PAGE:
A former NFL Network employee has filed a lawsuit alleging that she endured repeated sexual harassment and abuse from co-workers, including ex-football stars Marshall Faulk, Donovan McNabb, Eric Davis and Warren Sapp.
The NFL Network suspended Faulk, a retired running back who is in the Pro Football Hall of Fame, and fellow analysts Heath Evans and Ike Taylor after the allegations surfaced, spokesman Alex Riethmiller confirmed to HuffPost in an email. Evans and Taylor also are former players.
McNabb and Davis, who used to work for the NFL Network, were suspended by ESPN, their current employer. Sapp hasn’t worked for the NFL Network since 2015, when he was fired after being arrested for allegedly soliciting a prostitute. Those charges were later dropped.
The sexual misconduct allegations against the ex-players were detailed in an amended lawsuit filed in Los Angeles on Monday by Jami Cantor, a former wardrobe stylist at the NFL Network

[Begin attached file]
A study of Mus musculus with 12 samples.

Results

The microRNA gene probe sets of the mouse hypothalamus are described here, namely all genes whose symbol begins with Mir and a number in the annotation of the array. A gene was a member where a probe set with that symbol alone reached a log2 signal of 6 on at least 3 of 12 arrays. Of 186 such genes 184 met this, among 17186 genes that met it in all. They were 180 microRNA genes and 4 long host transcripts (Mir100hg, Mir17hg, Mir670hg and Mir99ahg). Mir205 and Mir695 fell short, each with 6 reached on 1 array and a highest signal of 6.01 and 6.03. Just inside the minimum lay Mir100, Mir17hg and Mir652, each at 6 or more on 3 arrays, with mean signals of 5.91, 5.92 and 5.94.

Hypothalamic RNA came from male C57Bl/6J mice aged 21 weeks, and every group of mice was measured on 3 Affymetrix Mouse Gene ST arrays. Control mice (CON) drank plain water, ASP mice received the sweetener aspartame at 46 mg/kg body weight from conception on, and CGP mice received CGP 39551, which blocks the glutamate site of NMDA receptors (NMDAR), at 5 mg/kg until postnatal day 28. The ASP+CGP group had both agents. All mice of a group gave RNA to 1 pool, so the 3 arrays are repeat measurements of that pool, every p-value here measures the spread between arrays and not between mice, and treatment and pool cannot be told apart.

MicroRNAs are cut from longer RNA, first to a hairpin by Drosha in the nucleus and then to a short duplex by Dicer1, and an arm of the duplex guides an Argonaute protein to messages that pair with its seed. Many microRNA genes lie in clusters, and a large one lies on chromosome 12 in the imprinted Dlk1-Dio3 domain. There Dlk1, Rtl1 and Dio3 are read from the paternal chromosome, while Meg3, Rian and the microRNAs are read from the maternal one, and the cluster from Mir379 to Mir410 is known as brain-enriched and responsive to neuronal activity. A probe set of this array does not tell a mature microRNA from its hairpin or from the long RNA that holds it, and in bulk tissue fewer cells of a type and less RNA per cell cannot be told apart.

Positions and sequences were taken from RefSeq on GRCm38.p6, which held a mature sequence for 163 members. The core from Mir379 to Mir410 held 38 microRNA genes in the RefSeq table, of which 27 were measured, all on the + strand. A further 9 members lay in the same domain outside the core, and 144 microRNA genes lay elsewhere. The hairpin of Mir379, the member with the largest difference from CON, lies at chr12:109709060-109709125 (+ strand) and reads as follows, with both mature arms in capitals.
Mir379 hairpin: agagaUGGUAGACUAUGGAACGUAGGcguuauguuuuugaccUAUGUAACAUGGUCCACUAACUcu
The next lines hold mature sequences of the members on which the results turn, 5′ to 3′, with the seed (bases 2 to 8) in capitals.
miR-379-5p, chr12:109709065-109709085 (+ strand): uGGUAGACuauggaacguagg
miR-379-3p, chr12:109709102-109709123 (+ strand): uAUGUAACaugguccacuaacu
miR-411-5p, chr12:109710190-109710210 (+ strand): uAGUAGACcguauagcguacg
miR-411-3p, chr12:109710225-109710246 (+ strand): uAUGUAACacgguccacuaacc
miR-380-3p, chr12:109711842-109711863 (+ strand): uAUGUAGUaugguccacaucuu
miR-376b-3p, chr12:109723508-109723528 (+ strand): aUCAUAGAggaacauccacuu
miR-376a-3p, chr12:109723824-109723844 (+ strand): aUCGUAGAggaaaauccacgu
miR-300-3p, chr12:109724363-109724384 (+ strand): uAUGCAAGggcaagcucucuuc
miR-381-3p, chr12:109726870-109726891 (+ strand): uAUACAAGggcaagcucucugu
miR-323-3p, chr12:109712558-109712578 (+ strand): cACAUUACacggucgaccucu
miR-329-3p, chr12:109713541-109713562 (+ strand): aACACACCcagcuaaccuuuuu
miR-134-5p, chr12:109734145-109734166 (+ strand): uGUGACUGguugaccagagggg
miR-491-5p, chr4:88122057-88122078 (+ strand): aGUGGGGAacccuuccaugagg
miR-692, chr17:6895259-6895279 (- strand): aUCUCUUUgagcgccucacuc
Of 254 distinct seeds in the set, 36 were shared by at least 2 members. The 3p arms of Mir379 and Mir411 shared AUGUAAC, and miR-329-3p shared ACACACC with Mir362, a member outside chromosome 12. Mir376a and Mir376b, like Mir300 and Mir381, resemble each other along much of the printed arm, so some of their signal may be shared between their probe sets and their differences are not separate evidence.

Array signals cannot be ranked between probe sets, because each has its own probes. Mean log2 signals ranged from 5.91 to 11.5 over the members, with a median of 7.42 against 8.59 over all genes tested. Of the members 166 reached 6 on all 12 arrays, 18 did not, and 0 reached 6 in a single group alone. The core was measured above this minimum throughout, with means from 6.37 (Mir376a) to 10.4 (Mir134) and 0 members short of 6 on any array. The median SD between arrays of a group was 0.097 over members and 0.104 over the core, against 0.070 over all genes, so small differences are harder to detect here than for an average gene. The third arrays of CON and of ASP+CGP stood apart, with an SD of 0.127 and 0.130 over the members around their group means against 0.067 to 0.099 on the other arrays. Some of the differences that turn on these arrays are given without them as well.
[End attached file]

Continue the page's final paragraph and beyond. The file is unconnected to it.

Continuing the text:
In the complaint, first reported by Bloomberg News, Cantor accused Faulk of fondling her breasts and exposing his penis as he demanded oral sex. She said that Evans, a former fullback, sent nude pictures and made unwelcome propositions, and that Taylor, an ex-defensive back, sent her a video of him masturbating in the shower.
“The supervisors knew about it, the supervisors observed it,” Cantor’s lawyer, Laura Horton, said, according to The New York Times. “It was insidious in this particular environment.”
She alleged another man, former NFL Network executive Eric Weinberger, groped her and pushed his genitals against her. Weinberger has been suspended by his current company, The Ringer.
The suit alleges McNabb, a longtime NFL quarterback, sent her lewd messages and that Davis, who played 13 seasons in the NFL as a defensive back, groped her. Both men most recently have been hosting radio shows for ESPN.
Sapp, according to the suit, gave Cantor sex toys as Christmas gifts three years in a row and showed her nude photos of other women with whom he claimed to have had sexual relations. He also is in the NFL Hall of Fame.
Cantor asserts that she was wrongfully terminated by the NFL Network, where she worked 10 years until her dismissal for allegedly stealing in 2016. Cantor, then 51, said she complained about the working conditions to no avail and was replaced by a woman 21 years younger than her.
Cantor originally filed her suit in October.